Today I decided to have a change of scenery and head off to one of the Chub mecca's of the country with the hope of catching one of the large specimen's that call it home, so with a 2 and a bit hour journey needed to get to the river I had to leave early, journey done on the train, my target stretch was the Stony Stratford beat controlled by the MKAA and where a decent head of Chub reside and at a pretty good average of 5lb +, with the occasional 7lb Chub coming out.
The river when I arrived was with in it's banks and maybe a foot up on usual levels plus it was very coloured for it isn't always like liquid sand but I was here so I had to make a go of it, so a go of it tried, my tactic today was to have a feeder rod out with meat, cheese or bread cast in around snags where the Chub will normally congregate and the trotting rod I used my centrepin with a 6BB trotting float using meat mostly and sometimes alternating to rolling meat with 1x 2SSG shot.
Looking down to Wolverton wier.
A good looking swim with a large back eddy in front.
To say the least though unfortunately the trip wasn't going to plan with a plethora of swims and different tactics used I couldn't muster a bite and tried just about everything to find a fish and after 6 hours of fishing I finally managed to hook up something whilst rolling meat which turned out to be a Pike of about 4lb or so but it broke free when it turned on itself and one of it's teeth must have brushed the line, it then charged back off into the depth's to sulk and my time was coming to a close so at 5:30 it was to be my only shot at landing a fish, but this trip was to get an idea of what is available to catch and ask some questions to fellow anglers to try and build a mental image of what the best times are to get down, what bait's work, where the fish hold up and then just using the knowledge I already have of the species and count on their sheer greed to successfully bank an Ouse Chub.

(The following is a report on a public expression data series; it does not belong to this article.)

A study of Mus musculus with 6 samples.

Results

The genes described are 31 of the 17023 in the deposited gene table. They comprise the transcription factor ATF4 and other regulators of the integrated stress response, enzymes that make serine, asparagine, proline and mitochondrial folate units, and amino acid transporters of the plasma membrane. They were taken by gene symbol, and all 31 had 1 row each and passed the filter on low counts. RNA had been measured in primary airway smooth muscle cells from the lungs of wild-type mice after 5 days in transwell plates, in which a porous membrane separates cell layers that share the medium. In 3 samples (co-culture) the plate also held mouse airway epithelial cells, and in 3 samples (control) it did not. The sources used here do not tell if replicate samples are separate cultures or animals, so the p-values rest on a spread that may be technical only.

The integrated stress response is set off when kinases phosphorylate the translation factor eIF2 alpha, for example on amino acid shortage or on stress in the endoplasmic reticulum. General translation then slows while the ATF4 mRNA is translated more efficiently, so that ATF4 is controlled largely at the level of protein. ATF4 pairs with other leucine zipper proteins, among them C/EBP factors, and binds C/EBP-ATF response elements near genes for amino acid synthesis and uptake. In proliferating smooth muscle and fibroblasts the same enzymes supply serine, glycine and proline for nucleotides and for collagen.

On a different note I also found fresh Otter foot prints in the mud and scales off of what must have been a Roach or a Chublet which also had fresh blood on it, so the dreaded Otter has made it's way up there after they have mullered most of the Barbel and Chub stocks down the Newport Pagnall stretch of the Great Ouse. Not a good thing to discover if they are left uncontrolled.
With the session coming to a close I bumped into one of the baliff's where he shared some good knowledge with me for a later trip down which might stand me in good stead to not blank the next time I go up there in search of a Chub of a lifetime.
At the end of the day though it was nice just to be out in the fresh air with lovely weather and relaxing in a nice part of the country in amongst nature with the rods and at anytime getting that all important bite that could just be my target fish.... ........But until next time.